Subsidies could grow to RM20bil this year


PUTRAJAYA: The Government is expected to fork out RM20.58bil in subsidies this year, with RM18bil to subsidise the rising cost of petroleum-related products.

The projected subsidy is double the RM10.32bil spent on subsidy last year, Deputy Prime Minister Tan Sri Muhyiddin Yassin said.

He said the expected hike was due to the spiralling price of petroleum on the global market, which resulted in increases of other raw materials for goods and services.

Muhyiddin said the Government could not drastically reduce the subsidy bill without burdening the rakyat but said that subsidy on various products would be reviewed continuously and reduced where needed.

He added that the Government could not guarantee that prices of goods and services would not increase in the near future.

“We are subsidising but we cannot sustain subsidies at the same amount. So we are trying to reduce subsidy costs, like in the price of sugar, in stages,” he said after chairing the inaugural Cabinet committee meeting on supply and price yesterday.

Muhyiddin said the reduction of subsidies was in tandem with efforts to raise local food supply output, specifically that of perishables like fruit and vegetable, livestock meats and aquaculture products.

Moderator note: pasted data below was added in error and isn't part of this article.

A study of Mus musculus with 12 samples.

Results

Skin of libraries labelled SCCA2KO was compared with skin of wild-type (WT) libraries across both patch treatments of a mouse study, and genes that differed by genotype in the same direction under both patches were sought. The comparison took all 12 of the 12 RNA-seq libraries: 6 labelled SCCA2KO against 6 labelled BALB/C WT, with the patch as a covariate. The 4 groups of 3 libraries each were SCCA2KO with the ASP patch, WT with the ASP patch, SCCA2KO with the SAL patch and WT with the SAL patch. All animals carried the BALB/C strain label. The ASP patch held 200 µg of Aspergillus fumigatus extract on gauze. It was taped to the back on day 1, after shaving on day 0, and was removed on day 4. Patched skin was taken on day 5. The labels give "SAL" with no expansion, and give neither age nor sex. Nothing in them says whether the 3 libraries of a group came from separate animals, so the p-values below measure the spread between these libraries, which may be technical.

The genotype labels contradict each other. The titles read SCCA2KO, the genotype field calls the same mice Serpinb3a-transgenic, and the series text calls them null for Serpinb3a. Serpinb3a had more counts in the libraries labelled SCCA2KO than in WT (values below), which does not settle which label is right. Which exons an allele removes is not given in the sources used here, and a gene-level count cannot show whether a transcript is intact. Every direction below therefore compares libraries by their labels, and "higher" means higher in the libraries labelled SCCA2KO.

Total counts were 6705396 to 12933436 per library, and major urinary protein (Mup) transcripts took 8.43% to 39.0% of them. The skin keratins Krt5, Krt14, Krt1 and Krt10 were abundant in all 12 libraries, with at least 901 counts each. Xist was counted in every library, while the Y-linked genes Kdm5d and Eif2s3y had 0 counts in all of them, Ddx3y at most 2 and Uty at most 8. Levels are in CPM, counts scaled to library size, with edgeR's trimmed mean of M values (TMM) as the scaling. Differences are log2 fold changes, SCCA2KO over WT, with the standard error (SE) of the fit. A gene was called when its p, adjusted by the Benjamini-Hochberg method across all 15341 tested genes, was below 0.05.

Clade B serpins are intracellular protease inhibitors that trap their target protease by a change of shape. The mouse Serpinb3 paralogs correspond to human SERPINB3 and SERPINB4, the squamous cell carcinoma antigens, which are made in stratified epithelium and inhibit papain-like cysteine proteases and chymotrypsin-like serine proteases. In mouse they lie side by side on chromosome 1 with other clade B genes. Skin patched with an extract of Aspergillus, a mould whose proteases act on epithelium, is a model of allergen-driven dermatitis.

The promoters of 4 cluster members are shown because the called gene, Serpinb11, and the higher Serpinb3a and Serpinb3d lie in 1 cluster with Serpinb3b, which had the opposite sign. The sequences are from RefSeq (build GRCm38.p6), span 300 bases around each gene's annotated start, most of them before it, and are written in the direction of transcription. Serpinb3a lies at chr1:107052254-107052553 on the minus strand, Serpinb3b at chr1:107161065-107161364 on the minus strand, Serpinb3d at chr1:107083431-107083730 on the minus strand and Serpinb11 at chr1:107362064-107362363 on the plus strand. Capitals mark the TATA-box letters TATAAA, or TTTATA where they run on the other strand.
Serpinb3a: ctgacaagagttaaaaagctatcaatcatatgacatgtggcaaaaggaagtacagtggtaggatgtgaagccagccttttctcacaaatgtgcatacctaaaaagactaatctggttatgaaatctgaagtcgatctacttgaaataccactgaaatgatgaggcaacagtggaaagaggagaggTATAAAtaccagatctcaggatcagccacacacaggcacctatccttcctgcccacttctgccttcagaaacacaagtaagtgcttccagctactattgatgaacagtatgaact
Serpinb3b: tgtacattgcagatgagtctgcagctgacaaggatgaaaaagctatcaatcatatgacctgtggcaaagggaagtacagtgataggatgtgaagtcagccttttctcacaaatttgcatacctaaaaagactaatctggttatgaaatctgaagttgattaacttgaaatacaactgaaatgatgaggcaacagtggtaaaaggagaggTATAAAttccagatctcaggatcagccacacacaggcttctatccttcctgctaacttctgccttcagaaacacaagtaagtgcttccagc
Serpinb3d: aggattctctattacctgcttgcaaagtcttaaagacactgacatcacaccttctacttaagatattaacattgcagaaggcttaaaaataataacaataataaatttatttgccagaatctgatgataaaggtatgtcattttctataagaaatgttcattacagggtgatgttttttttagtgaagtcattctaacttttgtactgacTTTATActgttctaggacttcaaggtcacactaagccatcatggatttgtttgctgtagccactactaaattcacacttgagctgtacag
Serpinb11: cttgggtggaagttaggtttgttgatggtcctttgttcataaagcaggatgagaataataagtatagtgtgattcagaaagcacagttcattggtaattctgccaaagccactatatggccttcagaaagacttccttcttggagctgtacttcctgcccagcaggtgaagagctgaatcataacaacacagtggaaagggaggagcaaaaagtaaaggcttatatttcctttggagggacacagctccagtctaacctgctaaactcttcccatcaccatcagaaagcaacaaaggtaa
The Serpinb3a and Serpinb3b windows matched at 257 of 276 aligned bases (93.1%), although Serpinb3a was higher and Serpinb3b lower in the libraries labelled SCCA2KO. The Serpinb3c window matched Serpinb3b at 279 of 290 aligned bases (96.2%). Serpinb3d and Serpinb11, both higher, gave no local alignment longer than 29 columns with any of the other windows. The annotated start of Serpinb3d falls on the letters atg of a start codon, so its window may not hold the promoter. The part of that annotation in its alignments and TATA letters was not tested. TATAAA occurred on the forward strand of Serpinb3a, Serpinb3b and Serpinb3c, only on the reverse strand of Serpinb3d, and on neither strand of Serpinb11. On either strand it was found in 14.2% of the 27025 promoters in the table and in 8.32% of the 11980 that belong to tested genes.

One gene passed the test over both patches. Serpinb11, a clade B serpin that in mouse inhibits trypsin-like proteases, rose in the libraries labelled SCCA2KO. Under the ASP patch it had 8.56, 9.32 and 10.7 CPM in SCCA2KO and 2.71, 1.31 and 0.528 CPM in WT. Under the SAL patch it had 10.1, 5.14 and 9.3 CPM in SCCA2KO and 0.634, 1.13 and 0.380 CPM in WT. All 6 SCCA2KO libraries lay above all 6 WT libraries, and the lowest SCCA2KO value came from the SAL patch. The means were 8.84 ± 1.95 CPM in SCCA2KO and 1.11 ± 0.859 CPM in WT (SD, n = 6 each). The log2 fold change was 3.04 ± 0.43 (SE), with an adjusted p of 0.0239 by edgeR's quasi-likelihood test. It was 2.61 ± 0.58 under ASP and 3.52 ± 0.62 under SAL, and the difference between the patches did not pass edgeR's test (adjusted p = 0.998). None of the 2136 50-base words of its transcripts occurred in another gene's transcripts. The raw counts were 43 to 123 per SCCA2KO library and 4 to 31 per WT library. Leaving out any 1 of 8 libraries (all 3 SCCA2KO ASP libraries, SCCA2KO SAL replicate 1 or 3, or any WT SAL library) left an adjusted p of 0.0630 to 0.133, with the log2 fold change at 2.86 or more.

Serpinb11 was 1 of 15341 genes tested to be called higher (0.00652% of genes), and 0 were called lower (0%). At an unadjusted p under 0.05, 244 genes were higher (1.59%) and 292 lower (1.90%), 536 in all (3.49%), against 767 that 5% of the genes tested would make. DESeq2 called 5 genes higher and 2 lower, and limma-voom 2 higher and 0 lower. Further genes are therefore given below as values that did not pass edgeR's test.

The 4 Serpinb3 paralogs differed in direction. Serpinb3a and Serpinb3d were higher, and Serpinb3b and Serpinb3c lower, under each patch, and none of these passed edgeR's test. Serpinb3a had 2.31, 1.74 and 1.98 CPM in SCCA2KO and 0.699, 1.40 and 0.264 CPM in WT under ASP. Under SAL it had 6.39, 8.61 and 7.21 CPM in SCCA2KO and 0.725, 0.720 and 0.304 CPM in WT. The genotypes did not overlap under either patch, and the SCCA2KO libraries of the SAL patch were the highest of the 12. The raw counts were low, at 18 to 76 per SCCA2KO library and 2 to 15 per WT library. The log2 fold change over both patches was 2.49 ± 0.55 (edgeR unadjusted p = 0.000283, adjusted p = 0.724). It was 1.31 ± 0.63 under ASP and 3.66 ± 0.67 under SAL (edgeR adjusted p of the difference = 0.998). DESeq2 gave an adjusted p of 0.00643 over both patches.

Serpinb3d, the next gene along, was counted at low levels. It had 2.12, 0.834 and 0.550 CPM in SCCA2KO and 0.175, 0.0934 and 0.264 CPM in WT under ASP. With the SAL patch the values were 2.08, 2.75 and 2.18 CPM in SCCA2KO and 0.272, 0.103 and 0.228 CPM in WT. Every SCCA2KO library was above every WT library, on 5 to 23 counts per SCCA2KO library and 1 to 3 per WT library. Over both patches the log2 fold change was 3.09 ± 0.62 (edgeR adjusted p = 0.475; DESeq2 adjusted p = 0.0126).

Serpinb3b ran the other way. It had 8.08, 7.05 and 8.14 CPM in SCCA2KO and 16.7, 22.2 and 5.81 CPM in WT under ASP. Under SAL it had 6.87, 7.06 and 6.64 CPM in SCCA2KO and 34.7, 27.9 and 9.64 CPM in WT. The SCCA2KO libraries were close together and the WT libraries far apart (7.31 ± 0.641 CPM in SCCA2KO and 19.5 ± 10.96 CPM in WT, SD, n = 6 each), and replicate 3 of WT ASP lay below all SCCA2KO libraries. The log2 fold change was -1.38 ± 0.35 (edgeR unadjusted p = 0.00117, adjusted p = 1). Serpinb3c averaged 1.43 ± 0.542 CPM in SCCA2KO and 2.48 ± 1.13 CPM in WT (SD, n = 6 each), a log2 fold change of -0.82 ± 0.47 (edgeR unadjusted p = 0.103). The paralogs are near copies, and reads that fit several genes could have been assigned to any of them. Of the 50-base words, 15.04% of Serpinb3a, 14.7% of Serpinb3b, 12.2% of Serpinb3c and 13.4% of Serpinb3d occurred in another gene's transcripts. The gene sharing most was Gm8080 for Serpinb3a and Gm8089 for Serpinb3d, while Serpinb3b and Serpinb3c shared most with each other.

“The Agriculture Ministry will adopt strategies to accelerate the supply of food in the country by helping farmers and fishermen but we need an increased private sector contribution as well,” he said.

He added that the Government would help producers with infrastructure development and incentive grants to bolster food supply.

Muhyiddin also discounted any plan by the Government to control or limit food exports and imports as a measure of controlling inflation and ensuring Malaysia's food security.

“If the producers can get a good price by exporting, the Government cannot stop them. We also have to look at an open market where supply and demand are determining factors which we cannot control.

He added that the Competition Commission will ensure fair business practices starting next January.